WATCH NOW: Drowning death in Lake Michigan highlights need for safety training, expert says | Lake County News

GARY – The recent Lake Michigan drowning at Porter Beach should serve as a deadly reminder to beachgoers that powerful riptide waves can engulf any swimmer if not properly prepared.

In 2022, there have been 20 drowning deaths in Lake Michigan, with the most recent incident occurring at Porter Beach on Monday morning. Thomas Kenning, 38, drowned after getting into the water to rescue a teenager who was struggling to stay afloat.

Dave Benjamin, co-founder and executive director of the Great Lakes Surf Rescue Project, said if Kenning took anything floating with him when he entered the water, he may have survived.

“No matter how good or strong you are as a swimmer, you can have a drowning incident,” he said Monday night at Wells Street Beach in the Miller section of Gary. “It’s not common sense to know that panic is the first stage of drowning, or that an active drowning victim can overwhelm in the first minute.”

Since 2010, there have been 503 drowning deaths in Lake Michigan, accounting for nearly half of all drowning deaths in the Great Lakes, Benjamin said. Drowning incidents often occur because people are unaware of the active signs of drowning and the preventive measures to take.


Benjamin said that after immersion, the heart would begin to stop after three minutes, followed by the onset of irreversible brain damage after four minutes. He said there was only a 14 per cent chance a person would survive if rescued after 10 minutes of immersion.

The GLSRP promotes the “flip, float and follow” method of surviving a drowning incident. Start by rolling over onto your back, floating to control your breathing, and calming down to conserve energy.

Astacia Decheske, from Hebron, visits the beaches of Lake Michigan every summer. Decheske said there was a drowning almost every time she came to the beach.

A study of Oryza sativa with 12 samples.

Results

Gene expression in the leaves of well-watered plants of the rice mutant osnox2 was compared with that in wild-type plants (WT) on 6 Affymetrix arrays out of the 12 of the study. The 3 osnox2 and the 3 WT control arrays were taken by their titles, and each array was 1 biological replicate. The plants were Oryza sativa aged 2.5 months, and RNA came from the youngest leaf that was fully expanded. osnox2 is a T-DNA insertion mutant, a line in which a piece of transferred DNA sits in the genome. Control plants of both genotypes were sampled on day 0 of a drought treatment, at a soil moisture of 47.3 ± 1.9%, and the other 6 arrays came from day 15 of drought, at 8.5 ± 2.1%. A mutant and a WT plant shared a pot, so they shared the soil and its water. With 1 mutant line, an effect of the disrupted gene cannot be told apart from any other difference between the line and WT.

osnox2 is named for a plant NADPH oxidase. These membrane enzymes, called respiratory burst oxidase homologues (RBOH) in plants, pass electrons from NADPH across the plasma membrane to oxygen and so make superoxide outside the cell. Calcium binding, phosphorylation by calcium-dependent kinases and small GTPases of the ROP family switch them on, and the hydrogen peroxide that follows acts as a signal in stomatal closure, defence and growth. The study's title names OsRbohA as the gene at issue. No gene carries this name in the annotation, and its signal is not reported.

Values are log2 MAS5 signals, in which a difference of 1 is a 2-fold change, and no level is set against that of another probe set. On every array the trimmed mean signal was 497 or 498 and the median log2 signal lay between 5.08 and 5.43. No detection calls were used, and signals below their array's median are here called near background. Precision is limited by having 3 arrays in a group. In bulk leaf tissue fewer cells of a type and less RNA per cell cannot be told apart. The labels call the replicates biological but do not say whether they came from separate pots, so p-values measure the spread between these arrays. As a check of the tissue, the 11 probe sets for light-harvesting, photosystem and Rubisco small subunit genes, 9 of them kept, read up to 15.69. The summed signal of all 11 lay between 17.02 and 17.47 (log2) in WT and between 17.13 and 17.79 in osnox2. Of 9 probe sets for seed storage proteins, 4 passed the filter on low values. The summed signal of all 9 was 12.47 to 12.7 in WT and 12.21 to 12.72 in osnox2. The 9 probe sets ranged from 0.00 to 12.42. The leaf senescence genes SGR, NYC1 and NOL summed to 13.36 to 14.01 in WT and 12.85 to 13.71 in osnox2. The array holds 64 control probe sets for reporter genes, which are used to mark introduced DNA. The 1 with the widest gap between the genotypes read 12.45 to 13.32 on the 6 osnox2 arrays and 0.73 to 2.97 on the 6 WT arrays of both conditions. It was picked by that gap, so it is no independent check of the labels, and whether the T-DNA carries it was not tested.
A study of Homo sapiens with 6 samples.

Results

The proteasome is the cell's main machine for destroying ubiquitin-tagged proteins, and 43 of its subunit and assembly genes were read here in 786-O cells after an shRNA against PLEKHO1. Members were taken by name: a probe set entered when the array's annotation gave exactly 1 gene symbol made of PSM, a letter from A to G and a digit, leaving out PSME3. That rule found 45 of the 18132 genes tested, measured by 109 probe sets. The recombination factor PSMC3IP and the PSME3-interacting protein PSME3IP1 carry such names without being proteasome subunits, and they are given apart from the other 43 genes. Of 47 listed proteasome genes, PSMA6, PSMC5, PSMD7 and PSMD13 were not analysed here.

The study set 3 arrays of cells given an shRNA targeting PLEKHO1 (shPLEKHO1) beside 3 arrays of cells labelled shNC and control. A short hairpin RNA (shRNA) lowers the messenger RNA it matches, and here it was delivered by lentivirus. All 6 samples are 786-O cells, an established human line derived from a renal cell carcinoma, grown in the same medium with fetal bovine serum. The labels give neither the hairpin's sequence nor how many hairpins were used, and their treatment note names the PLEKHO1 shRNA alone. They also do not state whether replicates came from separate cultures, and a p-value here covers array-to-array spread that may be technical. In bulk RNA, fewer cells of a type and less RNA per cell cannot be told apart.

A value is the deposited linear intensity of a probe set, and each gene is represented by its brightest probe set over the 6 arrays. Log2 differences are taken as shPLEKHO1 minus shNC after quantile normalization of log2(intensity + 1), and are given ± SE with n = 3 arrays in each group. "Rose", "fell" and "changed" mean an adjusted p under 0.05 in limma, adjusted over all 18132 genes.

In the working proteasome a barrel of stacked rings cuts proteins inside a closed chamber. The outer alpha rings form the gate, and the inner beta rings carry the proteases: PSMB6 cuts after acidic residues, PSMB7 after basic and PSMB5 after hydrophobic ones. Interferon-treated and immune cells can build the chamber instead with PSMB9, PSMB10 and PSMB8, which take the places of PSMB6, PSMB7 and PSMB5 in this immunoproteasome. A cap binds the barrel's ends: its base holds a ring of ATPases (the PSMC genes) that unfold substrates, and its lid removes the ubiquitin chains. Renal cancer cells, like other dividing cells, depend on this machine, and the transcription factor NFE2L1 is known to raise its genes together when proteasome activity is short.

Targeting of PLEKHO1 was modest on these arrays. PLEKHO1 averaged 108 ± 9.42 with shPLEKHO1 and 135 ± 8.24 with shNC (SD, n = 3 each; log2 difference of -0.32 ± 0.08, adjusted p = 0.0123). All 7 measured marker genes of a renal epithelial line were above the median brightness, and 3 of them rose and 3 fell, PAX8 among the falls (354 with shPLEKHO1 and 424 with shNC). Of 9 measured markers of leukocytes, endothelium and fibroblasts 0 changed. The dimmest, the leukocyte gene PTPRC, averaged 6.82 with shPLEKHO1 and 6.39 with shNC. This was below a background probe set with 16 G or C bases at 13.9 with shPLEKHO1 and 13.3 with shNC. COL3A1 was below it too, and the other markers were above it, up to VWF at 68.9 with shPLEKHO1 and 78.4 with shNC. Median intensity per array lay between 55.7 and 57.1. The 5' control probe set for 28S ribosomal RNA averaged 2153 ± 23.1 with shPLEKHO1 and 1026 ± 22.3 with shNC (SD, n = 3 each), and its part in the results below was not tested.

“Once I was reading and looked up when I noticed everyone in the water was gone,” she said as she sat in a lawn chair next to her husband, Scott. “There were helicopters and boats everywhere. It was very scary and very sad.

Hammond resident Michelle Castillo brings her three sons to Wells Street Beach once or twice a summer. Castillo said she restricts how far she lets her children go in the water because of the high waves.

“These waves can be dangerous, they can drag them along,” she said as her three children played with a ball in the sand. “They should have a lifeguard here, or put restrictions on younger kids that parents have to be with them instead of sitting in a chair.”

Benjamin said a small child with no ability to swim can immediately submerge without having the opportunity to show signs of panic.

Someone with limited swimming ability who is in the water above their head may struggle for 15-20 seconds before final submergence. He said even adults with Olympic-grade swimming abilities can submerge in a minute once panic and exhaustion set in.

On Monday night, his organization held a surf lifesaving clinic at Wells Street Beach, instructing a dozen attendees to be aware of local beach safety posts that include a life jacket and life ring. (For more information on water safety education, visit https://glsrp.org/).

If a person appears to be in distress in the water, always make sure the rescuer uses the life jacket for themselves and the life ring for the victim, Benjamin said. It is also important to notify a lifeguard on duty.

Swimmers should also be aware that buoys are generally placed for boats, not swimmers. Although the buoys are aligned, there may be different sandbar formations around them, causing one buoy to be in a shallower area than another.

“We just want everyone’s day of family fun at the beach not to turn into a horrible tragedy that they will have to live with for the rest of their lives,” Benjamin said.